Thursday, July 02, 2009
"Oh yea, this was my idea."
The fresh cut season is in full swing. Lavender is like any pregnant creature about to give birth - when it's time, it's time, and you can't stand around looking for the overnight bag. The adage, "Make hay while the sun shines" makes much more sense when you live with any crop that needs to be cut and brought out of the field at a certain time for optimum results. We have learned so much about timing in the past five years. When I look back on that first year 's harvest, oh it is funny! We made so many mistakes and just bumbled along like Jethro and Nellie May in Paris. We've learned when to cut for fresh cut, versus when to cut for dried bundles, bud or oil. We learned that the paper clips you buy at Staples are crap. We learned that the bees tell us when to cut. We learned that each season you think you can do it all on your own, but you can't. We learned that the locals think we're nuts. And most importantly, we learned that you should plant your rows after you measure how wide your tractor is so it will fit through the rows.
Many write me about the romance of my life here, and it's true, there is much romance at Apifera, minute to minute. Much of that romance is for my own personal pleasure, and I don't need or care to share it with anyone - it is just my daily life. Some of the romance is construed by the readers of this blog. Like a glossy magazine, they see the pictures and hear the stories with the gentle endings, and they can edit out what they don't care to deal with. They see me at my best, as I can edit my words, appear calm in any storm, wisely guiding myself through life. But behind the scenes of any good movie, there are a few dirty little secrets - like the fact that a couple nights ago after leaving the field I was tired, grumpy, hungry and I had no patience. I yelled at Frankie because she was being a pain in my butt. And I had no time to discuss the beautiful sunset with Guinnias like I often do. I had no energy to brush Boone, and everything seemed like work.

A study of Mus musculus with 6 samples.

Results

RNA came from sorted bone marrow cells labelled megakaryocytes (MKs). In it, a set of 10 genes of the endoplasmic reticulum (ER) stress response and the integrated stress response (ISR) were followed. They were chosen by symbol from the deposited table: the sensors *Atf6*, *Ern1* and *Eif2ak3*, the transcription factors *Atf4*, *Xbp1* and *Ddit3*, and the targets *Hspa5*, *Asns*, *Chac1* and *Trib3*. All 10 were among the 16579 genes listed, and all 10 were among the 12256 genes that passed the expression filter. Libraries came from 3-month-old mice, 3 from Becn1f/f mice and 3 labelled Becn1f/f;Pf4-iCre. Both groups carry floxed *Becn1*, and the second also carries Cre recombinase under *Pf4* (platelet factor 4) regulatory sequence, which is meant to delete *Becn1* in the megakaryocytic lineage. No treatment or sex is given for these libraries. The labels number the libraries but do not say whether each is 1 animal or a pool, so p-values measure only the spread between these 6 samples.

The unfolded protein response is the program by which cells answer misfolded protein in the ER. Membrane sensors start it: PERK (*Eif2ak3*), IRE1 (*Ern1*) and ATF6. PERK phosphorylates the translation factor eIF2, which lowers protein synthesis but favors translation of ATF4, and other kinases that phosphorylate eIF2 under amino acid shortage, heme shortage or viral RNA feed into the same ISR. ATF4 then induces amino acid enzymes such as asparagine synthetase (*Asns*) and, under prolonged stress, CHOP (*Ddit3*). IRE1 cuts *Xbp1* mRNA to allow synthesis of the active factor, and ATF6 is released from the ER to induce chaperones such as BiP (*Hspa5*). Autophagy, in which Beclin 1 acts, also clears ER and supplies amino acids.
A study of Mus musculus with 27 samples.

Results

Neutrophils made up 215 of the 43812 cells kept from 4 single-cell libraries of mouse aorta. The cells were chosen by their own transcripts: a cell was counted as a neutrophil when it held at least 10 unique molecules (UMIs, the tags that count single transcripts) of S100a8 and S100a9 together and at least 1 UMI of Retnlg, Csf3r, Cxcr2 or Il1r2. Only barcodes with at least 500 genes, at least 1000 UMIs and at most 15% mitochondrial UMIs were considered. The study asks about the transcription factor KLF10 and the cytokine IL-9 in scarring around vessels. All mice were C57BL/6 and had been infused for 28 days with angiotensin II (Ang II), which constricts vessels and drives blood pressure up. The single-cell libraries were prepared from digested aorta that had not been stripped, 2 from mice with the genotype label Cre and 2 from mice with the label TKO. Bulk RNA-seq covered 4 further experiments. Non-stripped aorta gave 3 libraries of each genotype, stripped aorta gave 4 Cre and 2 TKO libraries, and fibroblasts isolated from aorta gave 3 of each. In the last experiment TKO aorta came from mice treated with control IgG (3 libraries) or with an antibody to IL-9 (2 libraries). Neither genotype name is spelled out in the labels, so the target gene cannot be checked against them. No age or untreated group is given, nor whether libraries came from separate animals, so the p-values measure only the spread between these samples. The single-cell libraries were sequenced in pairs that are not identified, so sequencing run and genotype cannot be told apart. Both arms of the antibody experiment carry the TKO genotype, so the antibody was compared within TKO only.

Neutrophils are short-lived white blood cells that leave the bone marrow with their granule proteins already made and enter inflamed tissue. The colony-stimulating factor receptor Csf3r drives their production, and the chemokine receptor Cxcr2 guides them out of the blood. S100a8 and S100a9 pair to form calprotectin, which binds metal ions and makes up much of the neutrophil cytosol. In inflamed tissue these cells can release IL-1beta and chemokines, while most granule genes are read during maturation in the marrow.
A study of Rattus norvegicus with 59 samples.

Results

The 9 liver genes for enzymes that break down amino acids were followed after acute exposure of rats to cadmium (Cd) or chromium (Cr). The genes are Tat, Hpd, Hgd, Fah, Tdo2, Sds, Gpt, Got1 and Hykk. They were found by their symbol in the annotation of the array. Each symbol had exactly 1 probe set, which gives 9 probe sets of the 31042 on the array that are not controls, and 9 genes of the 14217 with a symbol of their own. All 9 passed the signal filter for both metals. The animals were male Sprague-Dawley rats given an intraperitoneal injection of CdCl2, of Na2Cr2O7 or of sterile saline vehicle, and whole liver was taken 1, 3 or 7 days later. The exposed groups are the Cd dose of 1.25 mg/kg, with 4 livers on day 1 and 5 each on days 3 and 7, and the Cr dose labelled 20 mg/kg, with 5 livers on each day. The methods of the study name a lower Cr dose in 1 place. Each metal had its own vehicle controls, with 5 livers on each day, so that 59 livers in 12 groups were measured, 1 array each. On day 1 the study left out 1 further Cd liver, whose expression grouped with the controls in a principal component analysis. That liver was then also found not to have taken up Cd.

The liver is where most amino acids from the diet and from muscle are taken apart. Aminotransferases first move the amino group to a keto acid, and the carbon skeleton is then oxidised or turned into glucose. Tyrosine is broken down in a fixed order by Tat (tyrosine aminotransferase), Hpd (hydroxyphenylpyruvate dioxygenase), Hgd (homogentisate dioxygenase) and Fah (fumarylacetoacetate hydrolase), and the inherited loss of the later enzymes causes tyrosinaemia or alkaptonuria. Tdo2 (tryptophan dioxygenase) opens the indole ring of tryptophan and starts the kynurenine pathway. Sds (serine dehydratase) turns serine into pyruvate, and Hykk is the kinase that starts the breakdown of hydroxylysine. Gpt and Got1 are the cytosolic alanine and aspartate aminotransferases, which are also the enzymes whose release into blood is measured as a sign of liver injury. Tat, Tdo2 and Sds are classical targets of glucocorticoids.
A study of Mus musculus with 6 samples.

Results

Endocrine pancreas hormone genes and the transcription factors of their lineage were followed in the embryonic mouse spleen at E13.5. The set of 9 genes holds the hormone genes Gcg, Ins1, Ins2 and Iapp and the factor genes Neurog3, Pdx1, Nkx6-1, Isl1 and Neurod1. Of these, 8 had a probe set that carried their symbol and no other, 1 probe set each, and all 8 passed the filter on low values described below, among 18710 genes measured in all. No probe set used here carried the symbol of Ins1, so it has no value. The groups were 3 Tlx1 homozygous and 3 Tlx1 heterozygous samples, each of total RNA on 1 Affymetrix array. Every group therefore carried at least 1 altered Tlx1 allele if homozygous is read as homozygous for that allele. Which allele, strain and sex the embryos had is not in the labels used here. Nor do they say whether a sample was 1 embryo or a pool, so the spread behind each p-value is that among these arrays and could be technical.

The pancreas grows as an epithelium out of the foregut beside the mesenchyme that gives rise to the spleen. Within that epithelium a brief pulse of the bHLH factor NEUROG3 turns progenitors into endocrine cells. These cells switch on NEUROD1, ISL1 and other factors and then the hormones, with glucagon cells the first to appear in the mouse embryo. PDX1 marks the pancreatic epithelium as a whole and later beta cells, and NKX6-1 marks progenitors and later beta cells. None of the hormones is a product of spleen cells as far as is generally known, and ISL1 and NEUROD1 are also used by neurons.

We get the well intentioned offers, "Hey, we'll come out and work in the field with you for an afternoon and then we'll barbeque."....Ah, okay, but you best bring your own chef and wheelchair. Living on a farm with a crop, and livestock, is constant, hard, manual labor. It is not for sissies. It is not for dwaddlers, or pontificators, or wanna-a-be's. But I like it. I like growing a crop, on our land, and improving the crop over seasons. Watching a 1" seedling grow to a 4" wide beast that produces 10 large bundles is....sort of miraculous. It reminds you of the power of nourishment. It reminds you that a tiny seed turns into something. It reminds you that living is a verb, and that earth is a pretty cool realm to be jiving in.
I am a little spring woodland flower, and in the heat, I wilt. My roots shrink and I can't function. So I have to time my work around mornings and evenings. Together with Martyn's efforts, and field helpers we bring in at optimal times, we get the crop off the field. It's a 6 am rise time for Martyn, and often we work until 9 pm. The first year, I remember I had a horrible case of poison oak on both arms and wrists, and I had my arms wrapped in cotton to protect my open sores. It was 80+ degrees. We had no helpers lined up for field work. I remember sitting in the field on my knees at one point, looking out at a sea of lavender, and crying. My dirt farmer lifted me out of my despair by reminding me he had a fresh lamb rack waiting to grill at the house, with a bottle of wine. When I said we'd never get through this, he said we would. When I asked in despair, "Whose idea was this any way, to grow all this lavender?" He gently reminded me, "Yours."